Friday, 30 December 2011




          The tradition of preparing garlic gojju started in ancient times when people were poorer and leading simpler lives. With hardly anything but just plain cooked rice or gruel to eat and a large number of mouths to feed, the best option was to prepare some kind of easy pickle-like curry to dip a ball of rice in for gulping it down. The curry therefore had to be essentially tasty, simple and inexpensive. All the different mouthwatering gojjus of Konkani cuisine evolved out of this need.

          The present day Konkani person, no matter how rich or well-travelled or gourmet he or she may be, at the end of the day, in his/her heart of hearts craves not for the five star dinner or a festive feast, but simply to be back home to have some hot rice or gruel with a little gojju.

          Here, I give you two versions of losuné gojju. The first one is a milder easier version which I often prepare for my family. The second one is the hot, sour traditional version. Try both the versions and choose the one you like best.



     1)    Garlic pods – 8 Nos.
     2)    Red hot chili powder – 2 teaspoons
     3)    Tamarind – an olive sized bit.
     4)    Ghee (clarified butter) – 1 tablespoon
     5)    Salt – 1 teaspoon

To Cook:

          Soak the tamarind in 100 ml. of water for 30 minutes. Separate the garlic cloves from their pods and peel them, cutting off the hard base portion if any. Squeeze the tamarind nicely with your fingers. Sieve and collect the tamarind juice.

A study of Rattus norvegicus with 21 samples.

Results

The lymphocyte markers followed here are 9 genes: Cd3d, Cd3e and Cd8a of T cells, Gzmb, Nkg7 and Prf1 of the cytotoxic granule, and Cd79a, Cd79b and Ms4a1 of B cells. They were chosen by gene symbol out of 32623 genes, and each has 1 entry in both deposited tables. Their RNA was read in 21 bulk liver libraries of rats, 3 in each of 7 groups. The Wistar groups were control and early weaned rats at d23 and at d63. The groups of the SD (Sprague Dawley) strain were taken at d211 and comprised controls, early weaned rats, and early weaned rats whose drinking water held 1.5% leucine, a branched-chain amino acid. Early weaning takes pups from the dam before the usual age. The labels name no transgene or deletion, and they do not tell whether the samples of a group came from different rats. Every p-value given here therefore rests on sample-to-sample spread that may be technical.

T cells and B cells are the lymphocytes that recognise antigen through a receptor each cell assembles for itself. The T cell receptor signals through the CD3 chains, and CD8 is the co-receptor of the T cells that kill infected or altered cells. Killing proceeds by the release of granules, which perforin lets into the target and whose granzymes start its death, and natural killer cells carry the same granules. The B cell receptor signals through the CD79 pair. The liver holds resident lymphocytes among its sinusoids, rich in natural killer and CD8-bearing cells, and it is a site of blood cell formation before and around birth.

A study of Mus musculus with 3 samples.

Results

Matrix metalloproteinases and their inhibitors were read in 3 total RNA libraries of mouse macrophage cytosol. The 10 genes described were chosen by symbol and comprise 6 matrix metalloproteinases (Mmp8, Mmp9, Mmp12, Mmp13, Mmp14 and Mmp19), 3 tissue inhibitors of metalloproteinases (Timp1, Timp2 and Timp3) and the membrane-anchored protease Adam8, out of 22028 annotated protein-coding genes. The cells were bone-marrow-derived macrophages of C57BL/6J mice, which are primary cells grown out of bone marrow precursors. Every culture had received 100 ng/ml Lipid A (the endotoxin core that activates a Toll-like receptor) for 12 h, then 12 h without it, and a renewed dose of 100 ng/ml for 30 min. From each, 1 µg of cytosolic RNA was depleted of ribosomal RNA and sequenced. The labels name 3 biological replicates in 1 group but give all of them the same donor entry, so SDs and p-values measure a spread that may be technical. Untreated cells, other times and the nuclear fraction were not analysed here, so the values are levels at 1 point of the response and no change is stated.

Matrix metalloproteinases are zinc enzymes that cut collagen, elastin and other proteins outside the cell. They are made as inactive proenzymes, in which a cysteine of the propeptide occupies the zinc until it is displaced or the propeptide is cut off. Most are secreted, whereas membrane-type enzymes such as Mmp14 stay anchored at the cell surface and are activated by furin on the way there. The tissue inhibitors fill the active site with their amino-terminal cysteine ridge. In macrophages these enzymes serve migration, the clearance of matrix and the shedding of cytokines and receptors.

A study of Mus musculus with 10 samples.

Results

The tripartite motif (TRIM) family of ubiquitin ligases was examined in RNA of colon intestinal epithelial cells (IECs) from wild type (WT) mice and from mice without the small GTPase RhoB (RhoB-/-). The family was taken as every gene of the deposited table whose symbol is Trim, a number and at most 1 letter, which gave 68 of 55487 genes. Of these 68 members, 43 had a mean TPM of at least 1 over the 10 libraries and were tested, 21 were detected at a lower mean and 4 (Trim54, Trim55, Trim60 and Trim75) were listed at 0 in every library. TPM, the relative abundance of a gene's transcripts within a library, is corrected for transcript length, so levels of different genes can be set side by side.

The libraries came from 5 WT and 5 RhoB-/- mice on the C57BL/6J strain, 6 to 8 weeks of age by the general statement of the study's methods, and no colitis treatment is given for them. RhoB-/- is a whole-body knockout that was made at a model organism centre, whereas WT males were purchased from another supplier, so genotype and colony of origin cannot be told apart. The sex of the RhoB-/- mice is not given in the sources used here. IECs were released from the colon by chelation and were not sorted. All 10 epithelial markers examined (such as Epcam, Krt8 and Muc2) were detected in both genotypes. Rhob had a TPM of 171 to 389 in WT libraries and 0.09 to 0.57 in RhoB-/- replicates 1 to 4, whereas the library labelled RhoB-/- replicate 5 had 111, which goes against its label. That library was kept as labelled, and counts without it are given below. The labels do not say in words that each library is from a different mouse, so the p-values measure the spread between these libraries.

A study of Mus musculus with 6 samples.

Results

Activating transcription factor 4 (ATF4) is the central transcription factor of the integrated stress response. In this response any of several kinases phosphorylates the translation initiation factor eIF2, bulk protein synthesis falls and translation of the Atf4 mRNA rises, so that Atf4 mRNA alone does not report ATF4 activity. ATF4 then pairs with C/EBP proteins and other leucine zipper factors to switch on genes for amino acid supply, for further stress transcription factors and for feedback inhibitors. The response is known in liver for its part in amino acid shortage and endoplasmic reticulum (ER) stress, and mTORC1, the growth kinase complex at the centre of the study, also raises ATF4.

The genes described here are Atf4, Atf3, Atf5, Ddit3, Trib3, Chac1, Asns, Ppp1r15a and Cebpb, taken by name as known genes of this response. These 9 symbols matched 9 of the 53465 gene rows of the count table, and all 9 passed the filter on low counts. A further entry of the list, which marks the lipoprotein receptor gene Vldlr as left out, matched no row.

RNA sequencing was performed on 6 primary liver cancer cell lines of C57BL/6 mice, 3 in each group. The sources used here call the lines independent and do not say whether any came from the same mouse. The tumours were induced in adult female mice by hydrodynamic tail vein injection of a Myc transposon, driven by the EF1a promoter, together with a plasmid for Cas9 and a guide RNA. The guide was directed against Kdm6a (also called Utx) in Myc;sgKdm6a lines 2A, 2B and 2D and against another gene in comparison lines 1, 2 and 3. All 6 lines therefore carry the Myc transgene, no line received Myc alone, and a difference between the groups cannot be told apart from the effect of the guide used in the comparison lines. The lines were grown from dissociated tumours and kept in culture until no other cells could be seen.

Set a small pan on medium heat. Pour in the ghee and tip in the garlic and the salt. Stir till the garlic turns golden brown. Now add the chili powder and mix well. Pour in the sieved tamarind juice together with 100 ml. of water. Taste and add more salt or chili powder to suit your palate. As soon as the curry comes to a boil, switch off the heat.

          Your tasty losuné gojju is ready to serve. You will note that it tastes even better the second day and keeps for 2 days. Losuné gojju has the power to improve your appetite.



     1)    Garlic pods – 8 Nos.
     2)    Tamarind – a 1 inch cube
     3)    Dry hot red chilies – 12 Nos.
     4)    Ghee (clarified butter) – 1 tablespoon
     5)    Coconut oil – 1 teaspoon
     6)    Salt – 1 teaspoon

To Make:

          Soak the tamarind in 100 ml. of drinking water for 30 minutes (the reason we use pure drinking water is because the traditional losuné gojju is not heated at any stage). Squeeze the tamarind nicely with your fingers. Sieve the tamarind juice and set aside. Break each of the red chilies into 2 pieces.

          Set a small pan on low heat. Pour in the coconut oil and tip in the broken chilies. Stir and roast the chilies for 2 minutes. Pour in the tamarind juice. Switch off the heat and let the chilies soak themselves in the tamarind juice.

          Separate the garlic cloves from their pods and peel them, cutting off the hard base portion if any. Set a small pan on low heat. Pour in the ghee. Tip in the garlic cloves and stir until they are roasted golden brown.

          Switch off the heat and put on a glove (remember, there were no kitchen hand gloves in olden times and the chefs had to weather it out). Squeeze the soaked dry hot red chilies nicely and tip over the contents of the pan into the pan with the roasted garlic. Mix well and taste. Add more salt or water if required. The traditional version of losuné gojju has no keeping quality and needs to be used up quickly.



The amount of salt required may vary depending on the heat of the chilies used. You can get the perfect dish only by tasting.